What the MLB Could Learn From the Other Leagues
Learning from one another is something that every person is taught the importance of from the early ages of being a toddler. Unfortunately like many lessons that were given to us at those preschool ages we often times forget as we grow older and learn new ones through this difficult journey of life. We shouldn’t however forget the lesson of learning from one another because it is one that will undoubtedly help us grow as individuals and as an entire group of people known as the human race and the four major American professional sports leagues are no different.
Over a four day span I will attempt to instill some valuable lessons into the NFL, MLB, NBA and NHL on what they can learn from the inner workings of one another which will enable them all to grow individually and collectively as the major powers of American professional sports. Yesterday I embarked on an endeavor to teach the NFL a thing or two (actually three) now today the MLB is up to bat.
Before the dreaded player strike of 1994, Major League Baseball was the “it” league of professional sports; by far the gold standard of pro sports leagues after all baseball was America’s game then. Since then the NFL and football has taken its place in that regard and it’s not simply because some fans never embraced baseball again, it’s that American society and culture has changed drastically. One thing the MLB can learn for the NFL however is how to control the nation’s attention which will in turn dominate the sports viewers’ attention.
Before 1994 going to a baseball game was the must go-to sporting event for families and singles alike now it’s all about heading to your local NFL stadium to watch the gladiators of the gridiron compete. How can the MLB get some of that back you ask? It’s quite simple they have to learn from the NFL and the ways of the almighty shield, replicate some of those ways and then watch their fan base receive a boost. Now there is no guarantee that the MLB will ever become the most popular American professional sports league again, but they do have some catching up to with the NFL and if they don’t watch it the NBA could rapidly be breathing down their necks for number two.
Speaking of the NBA, the MLB could pick up on one key attribute which is vital to their success and that is individual star marketing. Even though NBA commissioner David Stern is the closest thing to a dictator that professional sports has ever seen he has watched the league grow leaps and bounds since his arrival as commissioner back in 1984 and that is largely due to him marketing his stars. No league does it quite like the Association does; from back in the 80’s when everything was centered around Larry Bird and Magic Johnson and then shifted over to Michael Jordan.
From then the league decided to market each team’s biggest star more flamboyantly year-after-year and the bigger the star the more you see his mug on television or in billboards or where ever else the Association could stick it. Honestly think about it LeBron James’ face is literally everywhere you go, as was Kobe Bryant’s before him and as will Kevin Durant’s be after him. This is secretly one of the reasons why there was an NBA lockout at the beginning of last season; the owners and Stern did not want anymore Miami Heat situations to arise where three superstars all played for the same team while in the process robbing two small-market franchises of their bread winners (while I have no evidence to prove this I’d love for someone to produce some to dispute it and would truly, truly love to get an on the record response to my accusation from Mr. Stern himself), but I digress. If the MLB can find away to get guys like Miguel Cabrera, Andrew McCutchen, Bryce Harper and Josh Hamilton all over the tube and print publication advertisements then they would see a popularity boost throughout the nation ultimately making them a much better league.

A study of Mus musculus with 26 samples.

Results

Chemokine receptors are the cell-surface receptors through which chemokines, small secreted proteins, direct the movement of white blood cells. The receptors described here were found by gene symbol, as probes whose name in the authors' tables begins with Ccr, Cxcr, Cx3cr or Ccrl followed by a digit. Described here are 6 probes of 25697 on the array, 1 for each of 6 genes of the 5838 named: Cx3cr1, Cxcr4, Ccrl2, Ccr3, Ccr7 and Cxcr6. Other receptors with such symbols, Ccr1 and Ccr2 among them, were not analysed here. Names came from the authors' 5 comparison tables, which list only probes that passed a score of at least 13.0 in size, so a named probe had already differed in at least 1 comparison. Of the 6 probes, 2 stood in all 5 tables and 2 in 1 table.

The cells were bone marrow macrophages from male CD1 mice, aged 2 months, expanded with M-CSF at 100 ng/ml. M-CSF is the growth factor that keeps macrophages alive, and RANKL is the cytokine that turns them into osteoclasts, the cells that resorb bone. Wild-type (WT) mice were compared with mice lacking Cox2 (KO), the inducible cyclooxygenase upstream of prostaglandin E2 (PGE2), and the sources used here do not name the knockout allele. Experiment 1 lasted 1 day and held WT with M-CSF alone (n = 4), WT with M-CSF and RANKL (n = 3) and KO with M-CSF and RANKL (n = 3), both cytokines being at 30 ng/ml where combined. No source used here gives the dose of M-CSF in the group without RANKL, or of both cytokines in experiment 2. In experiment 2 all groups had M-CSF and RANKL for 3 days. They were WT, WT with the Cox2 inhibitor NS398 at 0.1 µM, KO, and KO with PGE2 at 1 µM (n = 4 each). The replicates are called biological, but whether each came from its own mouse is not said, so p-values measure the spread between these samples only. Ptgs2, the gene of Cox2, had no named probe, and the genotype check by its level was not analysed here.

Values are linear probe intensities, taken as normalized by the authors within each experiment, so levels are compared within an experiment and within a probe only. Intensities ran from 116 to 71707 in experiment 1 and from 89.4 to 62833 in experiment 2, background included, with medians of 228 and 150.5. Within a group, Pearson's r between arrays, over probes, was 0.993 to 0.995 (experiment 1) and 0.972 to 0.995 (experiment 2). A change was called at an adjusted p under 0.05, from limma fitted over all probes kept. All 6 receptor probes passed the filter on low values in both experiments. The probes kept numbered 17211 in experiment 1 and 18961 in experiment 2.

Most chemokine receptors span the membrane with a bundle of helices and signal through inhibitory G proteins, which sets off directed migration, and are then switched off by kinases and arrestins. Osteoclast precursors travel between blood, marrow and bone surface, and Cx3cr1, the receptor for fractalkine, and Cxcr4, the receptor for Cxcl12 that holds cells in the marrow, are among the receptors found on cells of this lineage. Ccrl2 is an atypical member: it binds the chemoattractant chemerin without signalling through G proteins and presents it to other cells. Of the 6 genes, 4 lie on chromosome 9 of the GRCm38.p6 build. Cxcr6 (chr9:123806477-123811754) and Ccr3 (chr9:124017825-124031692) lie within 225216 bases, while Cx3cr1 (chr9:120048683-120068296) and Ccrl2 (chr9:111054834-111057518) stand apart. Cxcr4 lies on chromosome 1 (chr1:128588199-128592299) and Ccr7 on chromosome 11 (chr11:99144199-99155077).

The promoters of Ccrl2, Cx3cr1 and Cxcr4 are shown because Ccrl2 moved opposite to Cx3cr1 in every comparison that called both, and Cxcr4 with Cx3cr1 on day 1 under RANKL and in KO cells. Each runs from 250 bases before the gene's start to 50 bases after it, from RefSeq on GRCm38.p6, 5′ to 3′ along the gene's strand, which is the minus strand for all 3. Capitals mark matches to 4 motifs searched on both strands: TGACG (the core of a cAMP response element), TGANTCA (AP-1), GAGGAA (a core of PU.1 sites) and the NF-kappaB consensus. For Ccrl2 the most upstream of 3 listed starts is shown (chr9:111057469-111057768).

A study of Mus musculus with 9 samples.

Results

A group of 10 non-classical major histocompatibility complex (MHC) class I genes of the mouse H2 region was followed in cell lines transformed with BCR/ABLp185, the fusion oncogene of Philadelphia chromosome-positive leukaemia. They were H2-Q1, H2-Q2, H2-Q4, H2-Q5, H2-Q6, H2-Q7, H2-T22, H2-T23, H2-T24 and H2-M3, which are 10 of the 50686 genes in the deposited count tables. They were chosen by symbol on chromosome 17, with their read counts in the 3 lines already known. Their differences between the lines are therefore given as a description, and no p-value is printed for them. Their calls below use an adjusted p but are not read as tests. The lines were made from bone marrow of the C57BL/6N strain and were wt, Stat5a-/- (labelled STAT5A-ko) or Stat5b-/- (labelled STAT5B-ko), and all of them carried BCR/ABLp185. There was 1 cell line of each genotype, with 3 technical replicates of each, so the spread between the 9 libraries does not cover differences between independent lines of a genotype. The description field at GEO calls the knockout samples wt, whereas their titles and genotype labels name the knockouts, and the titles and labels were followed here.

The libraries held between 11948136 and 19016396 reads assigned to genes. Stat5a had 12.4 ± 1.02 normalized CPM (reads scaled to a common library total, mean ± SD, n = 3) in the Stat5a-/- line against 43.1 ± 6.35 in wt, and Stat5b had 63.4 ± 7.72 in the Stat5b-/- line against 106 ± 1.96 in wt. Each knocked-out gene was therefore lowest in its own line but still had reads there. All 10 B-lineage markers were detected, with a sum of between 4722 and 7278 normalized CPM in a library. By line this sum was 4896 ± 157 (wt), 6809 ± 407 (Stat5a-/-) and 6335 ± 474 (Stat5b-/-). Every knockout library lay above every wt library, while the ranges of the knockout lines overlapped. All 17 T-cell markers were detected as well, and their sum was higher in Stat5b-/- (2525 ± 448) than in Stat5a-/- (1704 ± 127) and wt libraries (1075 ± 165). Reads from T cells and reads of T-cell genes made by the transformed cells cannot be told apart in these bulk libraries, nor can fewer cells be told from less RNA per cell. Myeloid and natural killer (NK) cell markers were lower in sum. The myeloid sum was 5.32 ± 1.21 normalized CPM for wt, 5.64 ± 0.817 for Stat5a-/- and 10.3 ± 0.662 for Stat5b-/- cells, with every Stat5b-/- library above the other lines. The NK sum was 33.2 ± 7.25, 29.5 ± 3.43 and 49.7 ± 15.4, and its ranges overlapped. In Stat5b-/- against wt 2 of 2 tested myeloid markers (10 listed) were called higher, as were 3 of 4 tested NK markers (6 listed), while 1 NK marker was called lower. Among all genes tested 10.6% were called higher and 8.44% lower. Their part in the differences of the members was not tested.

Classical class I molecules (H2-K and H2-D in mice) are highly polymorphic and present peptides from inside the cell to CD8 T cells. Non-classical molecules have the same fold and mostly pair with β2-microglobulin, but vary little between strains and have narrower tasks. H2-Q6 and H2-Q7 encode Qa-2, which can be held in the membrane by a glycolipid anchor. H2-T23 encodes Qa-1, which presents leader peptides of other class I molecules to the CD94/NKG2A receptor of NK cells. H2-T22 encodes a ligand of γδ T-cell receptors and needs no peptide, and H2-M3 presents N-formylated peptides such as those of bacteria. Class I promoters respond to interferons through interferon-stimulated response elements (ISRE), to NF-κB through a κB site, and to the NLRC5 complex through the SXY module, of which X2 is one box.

Yet again I must think hard and long when it comes to the NHL and what the MLB can learn from them (thanks a lot David Stern protégé and trainee Gary Bettman for really doing a job on this league), but I guess the MLB could learn how not to operate. No I’m truly being serious here; if you want to learn how to do something correct you must first watch someone do it wrong and hey isn’t that what Mr. Bettman is currently doing right now, a lot of wrong.
The MLB has been work-stoppage free for almost two decades now with the last one being that awful, god-forsaking strike of ’94 that I mentioned earlier. No league has endured such pleasantry between the league, commissioner, owners and players than Major League Baseball. One way to keep that going is by watching how the NHL (who is now on their third work-stoppage within that same time span) continues to get it wrong. It’s just like when a parent tells a child if you want to be a good kid and get good grades don’t do what the “bad kids” do. MLB if you want to continue to thrive then just watch the NHL and do exactly the opposite of what they do, it’s woefully sad to say because I enjoy hockey (especially playoff hockey) almost as much as the next American but it’s the truth.
So MLB the bell has rung and class has now concluded, maybe just maybe you have picked up on some of these helpful lessons that I’ve laid out for you and just like the NFL with yesterday’s lesson can take them, grow from them and become a better league in the process for all sports fans alike. NBA I’ll see you guys tomorrow!